Sony made its PlayStation 5 available to preorder last week. It didn’t exactly go smoothly.
On Tuesday, it’s Microsoft’s turn. After almost a year of buildup, the tech giant is ready to make its new Xbox Series X and Xbox Series S consoles available to the public—but unlike with the PS5, these preorders are set to go live at a specific, predetermined time.
As a service for those interested in the new machines, and to help them beat the inevitable shopping rush, we’ve compiled all the Xbox Series X and S preorder listings we could find in one place, just like we did with the PS5 last week.
Since Microsoft’s next-gen plan is a little less straightforward than Sony’s, we’ve also broken down the differences between the two consoles, what launch games and accessories to expect, what’s up with Xbox Game Pass and Xbox All Access, and other tidbits to help aid your decision. If you should get a new console at all is still another question, but whether you’re on the fence or already swayed by Microsoft’s pitch, feel free to bookmark this page and use it as a shopping resource.
Note: Ars Technica may earn compensation for sales from links on this post through affiliate programs.
How much do the new Xbox consoles cost?
The Xbox Series X costs $499. The Xbox Series S costs $299. Both devices will hit store shelves on November 10.
Where to preorder the Xbox Series X and Series S
In contrast to Sony’s chaotic PS5 rollout, Microsoft has confirmed the exact date and time its new Xbox consoles will be available to preorder: Tuesday, September 22, at 8am PT/11am ET.
We can’t promise that every retailer will adhere to Microsoft’s guidance exactly, but at that time the Xbox Series X and Xbox Series S should be available to preorder at the following online stores:
We’ll update this list as more listings go live.
As we saw with the PlayStation 5’s launch, new game consoles tend to be extremely in demand, and we don’t know exactly how many consoles will be available, so we can’t say how long the new Xboxes will be in stock once they become available. If you’re really eager to grab a new device, it’s probably best to be signed in and ready to refresh those links above once preorders open up.
Where to preorder Xbox Series X and Series S accessories
If you’ve invested in controllers, headsets, or other accessories for the Xbox One, good news: Microsoft says any officially licensed Xbox One accessory that connects to the console wired or wirelessly via USB will work with the Series X or Series S. Headsets that connect over a 3.5mm port will still work fine as well. The only issues may arise with headsets that connect over an optical cable, since neither Xbox Series console has an optical audio port.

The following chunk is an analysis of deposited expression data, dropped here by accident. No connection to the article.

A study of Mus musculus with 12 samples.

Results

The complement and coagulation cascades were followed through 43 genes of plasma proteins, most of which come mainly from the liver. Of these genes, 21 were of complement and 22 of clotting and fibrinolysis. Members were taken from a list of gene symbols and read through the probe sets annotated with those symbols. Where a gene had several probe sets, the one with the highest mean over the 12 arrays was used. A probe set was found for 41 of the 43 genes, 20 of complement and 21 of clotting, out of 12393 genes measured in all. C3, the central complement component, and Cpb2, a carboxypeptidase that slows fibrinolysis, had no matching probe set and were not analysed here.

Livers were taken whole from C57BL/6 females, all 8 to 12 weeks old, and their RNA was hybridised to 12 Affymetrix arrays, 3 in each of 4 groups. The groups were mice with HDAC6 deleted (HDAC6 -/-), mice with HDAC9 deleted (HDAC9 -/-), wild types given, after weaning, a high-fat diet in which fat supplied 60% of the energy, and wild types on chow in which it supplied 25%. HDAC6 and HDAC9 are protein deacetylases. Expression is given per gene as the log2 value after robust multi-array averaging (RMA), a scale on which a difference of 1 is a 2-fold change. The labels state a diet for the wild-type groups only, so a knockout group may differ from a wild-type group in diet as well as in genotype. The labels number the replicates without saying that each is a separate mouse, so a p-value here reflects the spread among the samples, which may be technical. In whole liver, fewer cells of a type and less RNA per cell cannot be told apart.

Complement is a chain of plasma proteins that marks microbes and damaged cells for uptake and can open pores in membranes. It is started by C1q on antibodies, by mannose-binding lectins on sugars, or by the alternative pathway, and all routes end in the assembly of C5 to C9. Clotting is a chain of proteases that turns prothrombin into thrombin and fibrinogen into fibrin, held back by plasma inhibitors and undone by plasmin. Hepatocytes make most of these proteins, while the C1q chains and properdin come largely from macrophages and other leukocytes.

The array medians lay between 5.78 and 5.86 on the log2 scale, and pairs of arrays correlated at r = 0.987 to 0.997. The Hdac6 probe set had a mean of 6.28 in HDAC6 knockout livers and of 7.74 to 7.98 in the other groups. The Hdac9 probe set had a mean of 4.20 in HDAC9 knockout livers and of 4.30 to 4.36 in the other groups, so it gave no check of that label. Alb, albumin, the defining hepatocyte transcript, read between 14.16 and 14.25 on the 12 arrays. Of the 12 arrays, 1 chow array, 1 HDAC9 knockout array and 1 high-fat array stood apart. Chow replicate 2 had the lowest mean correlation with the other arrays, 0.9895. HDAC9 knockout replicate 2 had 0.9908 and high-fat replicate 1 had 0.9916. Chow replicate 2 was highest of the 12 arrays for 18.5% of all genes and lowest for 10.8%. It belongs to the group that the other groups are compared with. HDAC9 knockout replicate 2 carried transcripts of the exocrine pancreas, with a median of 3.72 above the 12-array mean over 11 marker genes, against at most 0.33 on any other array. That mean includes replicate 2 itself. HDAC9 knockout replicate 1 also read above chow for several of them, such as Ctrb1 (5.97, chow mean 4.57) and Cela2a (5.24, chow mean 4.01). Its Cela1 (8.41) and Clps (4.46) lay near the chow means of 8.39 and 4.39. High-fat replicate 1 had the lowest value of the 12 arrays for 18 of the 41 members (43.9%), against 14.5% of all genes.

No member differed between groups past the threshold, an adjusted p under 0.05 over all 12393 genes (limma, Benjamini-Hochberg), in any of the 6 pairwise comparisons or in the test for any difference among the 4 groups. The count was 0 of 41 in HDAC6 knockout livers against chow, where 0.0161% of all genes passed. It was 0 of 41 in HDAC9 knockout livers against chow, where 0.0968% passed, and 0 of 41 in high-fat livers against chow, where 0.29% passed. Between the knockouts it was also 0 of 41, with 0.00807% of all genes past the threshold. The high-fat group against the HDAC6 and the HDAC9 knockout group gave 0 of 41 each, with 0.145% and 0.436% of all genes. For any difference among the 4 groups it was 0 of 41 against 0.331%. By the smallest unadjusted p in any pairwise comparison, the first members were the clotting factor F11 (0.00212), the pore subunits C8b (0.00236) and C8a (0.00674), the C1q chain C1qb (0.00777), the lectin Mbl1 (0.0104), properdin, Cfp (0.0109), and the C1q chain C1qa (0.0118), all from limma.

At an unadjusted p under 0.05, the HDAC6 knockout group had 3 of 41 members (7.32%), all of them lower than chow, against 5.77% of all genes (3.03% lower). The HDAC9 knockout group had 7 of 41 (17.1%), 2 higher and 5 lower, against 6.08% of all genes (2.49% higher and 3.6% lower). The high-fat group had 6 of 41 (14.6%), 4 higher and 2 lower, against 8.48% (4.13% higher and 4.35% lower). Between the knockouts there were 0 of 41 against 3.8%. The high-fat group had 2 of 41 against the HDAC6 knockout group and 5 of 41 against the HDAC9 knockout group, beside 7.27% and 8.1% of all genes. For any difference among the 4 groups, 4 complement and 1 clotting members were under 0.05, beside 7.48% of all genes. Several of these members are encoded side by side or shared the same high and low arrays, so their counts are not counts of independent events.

Microsoft has announced a couple of first-party accessories that will launch alongside the new consoles, though. One is a new Xbox Wireless Controller. It’s highly similar to the Xbox One’s gamepad but with a more circular d-pad, textured triggers and bumpers, a new “Share” button akin to what Sony has offered on its PlayStation 4 controller, an included nine-foot USB-C cable for playing wired, and Bluetooth for playing wirelessly. It’ll be available in black, white, or a new blue-and-white “Shock Blue” finish and start at $60. If you need a spare, here’s where it’s currently listed:
The new pad still uses AA batteries, though. If that irks you, Microsoft is selling a $25 “Rechargeable Battery,” which comes with a USB-C cable. That’s available here:
What is Xbox All Access?
Xbox All Access is a two-year subscription plan that lets you pay for a new Xbox console and Microsoft’s Game Pass Ultimate service in monthly installments. Think of it like the plans phone carriers offer for smartphones and cell service: instead of fronting a high cost upfront, you can spread the payment out over time.
We recently did the math on Xbox All Access and found it to be a good deal—as long as you already plan to pay for 24 months of Game Pass Ultimate. (Scroll down for more on that.) Microsoft is charging $25 a month for the Series S and $35 a month for the Series X. Over the course of the two-year plan, that comes out to a total of $600 for the former and $840 for the latter.
Given that Game Pass Ultimate typically costs $15 a month, this means that All Access subscribers can theoretically save money over time: $60 for the Series S, and $19 for the Series X. So if you don’t think it’s wise to drop $300 or $500 right away, you don’t have to.
That said, there are a couple caveats. Assuming you do want Game Pass Ultimate continuously for two years, discounts on the service are not exactly uncommon. All Access itself is financed through an external company. And not every retailer offers the plan in the first place; in the US, it’ll be available at GameStop (Series X and Series S), Walmart, Best Buy (Series X and Series S), and Microsoft’s own online store (Series X and Series S). But if you’re willing to trade upfront cost for being locked into a plan, this isn’t a raw deal.